Reducing Carbon in the Built Environment
The built environment is a major emitter of greenhouse gases. To help encourage net-zero building practices, Dow joined two leading industry associations to challenge architects and building owners to design and construct energy-efficient buildings.
Dow partnered with the American Institute of Architects International Region (AIA International) and the U.S. Green Building Council (USGBC) to conduct engagement programs to help drive the adoption of lower-carbon building technologies during the decision-making and design phase.
- Dow co-initiated the Sustainable Future Awards with AIA International. Architects and designers selected by the AIA International jury for design excellence are eligible for the award, which honors sustainable and integrated designs that enhances human health, energy efficiency and stewardship of our planetary resources.
- In North Asia, Dow launched the Carbon Challenge Award with USGBC. The award recognizes office buildings and large shopping centers around Asia that reduce their carbon emissions and improve energy efficiency beyond business as usual. The inaugural Carbon Challenge received a total of 63 entries. Jointly, these buildings saved 38,000 metric tons of CO2 equivalent year over year. This compares to the CO2 sequestered from 600,000 tree saplings over 10 years. This compares to the CO2 sequestered from 600,000 tree saplings over 10 years based on the calculations used in Arc.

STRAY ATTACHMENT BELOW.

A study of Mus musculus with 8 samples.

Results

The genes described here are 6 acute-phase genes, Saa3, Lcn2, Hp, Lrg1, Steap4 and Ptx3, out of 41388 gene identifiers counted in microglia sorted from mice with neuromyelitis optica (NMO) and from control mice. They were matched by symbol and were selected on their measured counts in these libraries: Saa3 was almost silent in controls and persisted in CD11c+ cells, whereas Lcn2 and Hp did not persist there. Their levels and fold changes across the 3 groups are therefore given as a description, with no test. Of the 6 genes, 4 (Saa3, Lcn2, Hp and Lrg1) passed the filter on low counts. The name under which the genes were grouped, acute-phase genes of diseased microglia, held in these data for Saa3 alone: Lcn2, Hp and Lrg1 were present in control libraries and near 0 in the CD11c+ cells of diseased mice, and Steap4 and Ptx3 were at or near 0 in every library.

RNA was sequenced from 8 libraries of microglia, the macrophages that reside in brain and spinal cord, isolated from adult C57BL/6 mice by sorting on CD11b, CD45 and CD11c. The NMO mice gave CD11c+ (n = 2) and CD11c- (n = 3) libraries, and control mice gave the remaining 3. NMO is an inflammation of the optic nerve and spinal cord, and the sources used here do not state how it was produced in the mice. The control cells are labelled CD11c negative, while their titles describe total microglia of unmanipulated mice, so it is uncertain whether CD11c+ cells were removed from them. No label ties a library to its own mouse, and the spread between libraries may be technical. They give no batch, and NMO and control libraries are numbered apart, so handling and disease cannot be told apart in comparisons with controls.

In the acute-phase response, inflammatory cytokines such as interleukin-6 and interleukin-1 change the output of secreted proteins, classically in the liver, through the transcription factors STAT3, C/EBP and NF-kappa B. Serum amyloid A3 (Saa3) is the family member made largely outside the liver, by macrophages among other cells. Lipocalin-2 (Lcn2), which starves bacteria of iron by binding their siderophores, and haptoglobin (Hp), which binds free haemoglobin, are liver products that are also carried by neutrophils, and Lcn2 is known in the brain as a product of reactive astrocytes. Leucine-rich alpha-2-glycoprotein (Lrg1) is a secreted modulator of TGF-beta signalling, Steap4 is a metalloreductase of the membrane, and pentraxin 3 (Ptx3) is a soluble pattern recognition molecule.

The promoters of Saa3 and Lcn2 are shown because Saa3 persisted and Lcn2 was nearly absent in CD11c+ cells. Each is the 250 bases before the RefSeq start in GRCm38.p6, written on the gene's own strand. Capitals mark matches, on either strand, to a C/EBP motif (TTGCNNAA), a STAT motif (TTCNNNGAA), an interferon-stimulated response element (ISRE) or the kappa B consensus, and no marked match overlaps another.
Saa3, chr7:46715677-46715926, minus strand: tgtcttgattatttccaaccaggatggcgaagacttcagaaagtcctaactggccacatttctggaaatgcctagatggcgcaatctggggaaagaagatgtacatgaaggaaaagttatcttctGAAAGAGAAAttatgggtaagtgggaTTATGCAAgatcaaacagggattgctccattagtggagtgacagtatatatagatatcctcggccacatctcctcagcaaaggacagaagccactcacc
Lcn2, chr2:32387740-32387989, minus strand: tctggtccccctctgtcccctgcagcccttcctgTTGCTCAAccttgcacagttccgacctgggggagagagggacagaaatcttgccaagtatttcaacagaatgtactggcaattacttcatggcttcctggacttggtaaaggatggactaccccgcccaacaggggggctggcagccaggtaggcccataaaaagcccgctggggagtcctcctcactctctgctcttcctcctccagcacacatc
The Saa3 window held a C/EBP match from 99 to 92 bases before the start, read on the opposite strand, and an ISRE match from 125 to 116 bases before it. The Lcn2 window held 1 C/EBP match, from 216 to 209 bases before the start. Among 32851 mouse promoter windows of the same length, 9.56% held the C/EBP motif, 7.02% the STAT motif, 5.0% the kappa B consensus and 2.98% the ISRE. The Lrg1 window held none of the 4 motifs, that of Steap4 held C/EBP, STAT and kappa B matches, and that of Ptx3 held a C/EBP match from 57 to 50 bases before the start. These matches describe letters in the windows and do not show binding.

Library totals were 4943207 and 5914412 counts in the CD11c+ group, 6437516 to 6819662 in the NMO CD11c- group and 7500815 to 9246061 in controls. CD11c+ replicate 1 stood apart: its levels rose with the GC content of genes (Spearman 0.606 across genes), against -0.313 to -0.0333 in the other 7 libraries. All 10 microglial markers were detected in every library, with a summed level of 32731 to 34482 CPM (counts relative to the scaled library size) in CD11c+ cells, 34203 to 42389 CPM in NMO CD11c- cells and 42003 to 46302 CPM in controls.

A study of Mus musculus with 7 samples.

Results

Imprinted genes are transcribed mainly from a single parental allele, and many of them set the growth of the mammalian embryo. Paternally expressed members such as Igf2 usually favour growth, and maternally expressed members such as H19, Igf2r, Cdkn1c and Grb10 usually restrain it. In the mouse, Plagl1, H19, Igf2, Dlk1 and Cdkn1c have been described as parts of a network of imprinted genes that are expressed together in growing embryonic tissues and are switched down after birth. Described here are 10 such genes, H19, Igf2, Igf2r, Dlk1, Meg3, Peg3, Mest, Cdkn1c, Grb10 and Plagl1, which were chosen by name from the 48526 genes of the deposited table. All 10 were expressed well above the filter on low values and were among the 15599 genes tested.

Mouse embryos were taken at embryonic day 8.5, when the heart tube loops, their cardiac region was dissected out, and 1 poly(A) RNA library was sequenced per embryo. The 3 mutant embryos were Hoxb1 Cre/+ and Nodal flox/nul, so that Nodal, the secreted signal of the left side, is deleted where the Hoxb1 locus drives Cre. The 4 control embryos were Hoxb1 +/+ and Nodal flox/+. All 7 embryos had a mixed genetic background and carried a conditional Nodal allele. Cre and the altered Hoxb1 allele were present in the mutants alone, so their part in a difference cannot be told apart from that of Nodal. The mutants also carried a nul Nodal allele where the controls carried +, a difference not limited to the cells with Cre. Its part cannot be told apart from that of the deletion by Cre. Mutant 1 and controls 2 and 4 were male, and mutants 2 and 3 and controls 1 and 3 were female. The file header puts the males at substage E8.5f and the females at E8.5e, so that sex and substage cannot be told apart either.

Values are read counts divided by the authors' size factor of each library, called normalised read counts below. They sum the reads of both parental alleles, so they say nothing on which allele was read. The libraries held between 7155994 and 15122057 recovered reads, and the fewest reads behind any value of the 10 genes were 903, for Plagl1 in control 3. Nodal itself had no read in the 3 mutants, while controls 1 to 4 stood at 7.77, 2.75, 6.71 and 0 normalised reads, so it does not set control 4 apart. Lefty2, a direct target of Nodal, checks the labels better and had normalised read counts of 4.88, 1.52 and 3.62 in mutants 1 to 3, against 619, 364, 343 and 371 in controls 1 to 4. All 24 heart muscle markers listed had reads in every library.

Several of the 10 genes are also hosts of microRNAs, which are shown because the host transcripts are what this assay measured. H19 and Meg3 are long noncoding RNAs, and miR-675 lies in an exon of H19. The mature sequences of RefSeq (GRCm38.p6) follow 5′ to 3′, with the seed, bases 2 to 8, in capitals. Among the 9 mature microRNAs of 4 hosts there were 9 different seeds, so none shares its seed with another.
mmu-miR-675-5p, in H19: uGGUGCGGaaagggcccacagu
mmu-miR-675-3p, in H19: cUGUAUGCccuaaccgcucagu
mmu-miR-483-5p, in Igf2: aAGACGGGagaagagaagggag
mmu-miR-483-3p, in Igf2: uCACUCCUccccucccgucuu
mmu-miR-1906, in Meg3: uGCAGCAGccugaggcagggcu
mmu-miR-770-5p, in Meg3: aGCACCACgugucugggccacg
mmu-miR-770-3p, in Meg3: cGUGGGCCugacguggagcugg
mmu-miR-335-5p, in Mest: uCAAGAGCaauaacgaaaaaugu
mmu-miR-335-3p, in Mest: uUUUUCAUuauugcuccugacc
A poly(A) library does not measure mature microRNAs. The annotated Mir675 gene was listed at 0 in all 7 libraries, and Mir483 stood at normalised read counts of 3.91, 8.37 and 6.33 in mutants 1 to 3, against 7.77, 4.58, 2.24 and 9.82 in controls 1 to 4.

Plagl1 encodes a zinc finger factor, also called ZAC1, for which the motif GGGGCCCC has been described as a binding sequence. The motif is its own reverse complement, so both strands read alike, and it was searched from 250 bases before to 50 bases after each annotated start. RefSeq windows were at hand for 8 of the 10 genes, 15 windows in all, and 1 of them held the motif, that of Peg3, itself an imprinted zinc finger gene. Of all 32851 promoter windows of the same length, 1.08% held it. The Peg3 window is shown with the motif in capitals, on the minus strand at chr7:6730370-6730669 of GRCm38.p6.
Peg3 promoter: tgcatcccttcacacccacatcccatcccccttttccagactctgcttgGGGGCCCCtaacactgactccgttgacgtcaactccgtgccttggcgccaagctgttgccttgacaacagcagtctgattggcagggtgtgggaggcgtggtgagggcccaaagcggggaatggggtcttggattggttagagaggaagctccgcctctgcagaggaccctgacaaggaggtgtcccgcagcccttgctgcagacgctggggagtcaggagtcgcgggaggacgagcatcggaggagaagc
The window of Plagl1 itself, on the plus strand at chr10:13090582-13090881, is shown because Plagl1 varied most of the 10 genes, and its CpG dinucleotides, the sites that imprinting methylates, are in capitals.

“A significant share of emissions in the built environment can be avoided with technologies that exist today,” said Dr. Hirokazu Shibata, technology & sustainability leader for Asia Pacific at Dow Olympic & Sports Solutions. “Carbon innovation needs wider adoption of locally relevant solutions for a successful transition to a more sustainable society. These awards help identify and recognize best practices and learnings from top-performing buildings that can help inform new construction in the region.”
The joint initiatives not only recognize carbon emissions reductions in the built environment, but also present winners with an opportunity to contribute their carbon savings to Dow’s Carbon Partnership with the International Olympic Committee (IOC).
Working with the value chain
Buildings are the largest energy-consuming sector in the world, responsible for approximately one-third of global carbon emissions. Because buildings have an average lifespan of 40 years, the choice of materials in the design phase is important. Accelerating the adoption of resource-efficient building options is needed for the construction industry to move toward a lower carbon future.
The awards programs with AIA International and USGBC are part of the High-Performance Building Initiative launched under the Dow-IOC Carbon Partnership. For the initiative, Dow teamed with engineering professionals at Arup and the carbon and sustainability expert South Pole to develop a methodology to quantify verified carbon reductions from high performance building projects and apply them to the Dow-IOC Carbon Partnership. This whole-life carbon methodology builds on recognized approaches and mechanisms and has been validated by an independent auditor, Environmental Resources Management.
The High-Performance Building Initiative is one of several projects executed by Dow and the IOC around the world as part of the carbon partnership. The partnership encourages organizations outside the Olympic movement to adopt programs for reducing carbon emissions while catalyzing change across value chains through a series of impactful carbon mitigation projects. Learn more in the 2020 Carbon Partnership Report.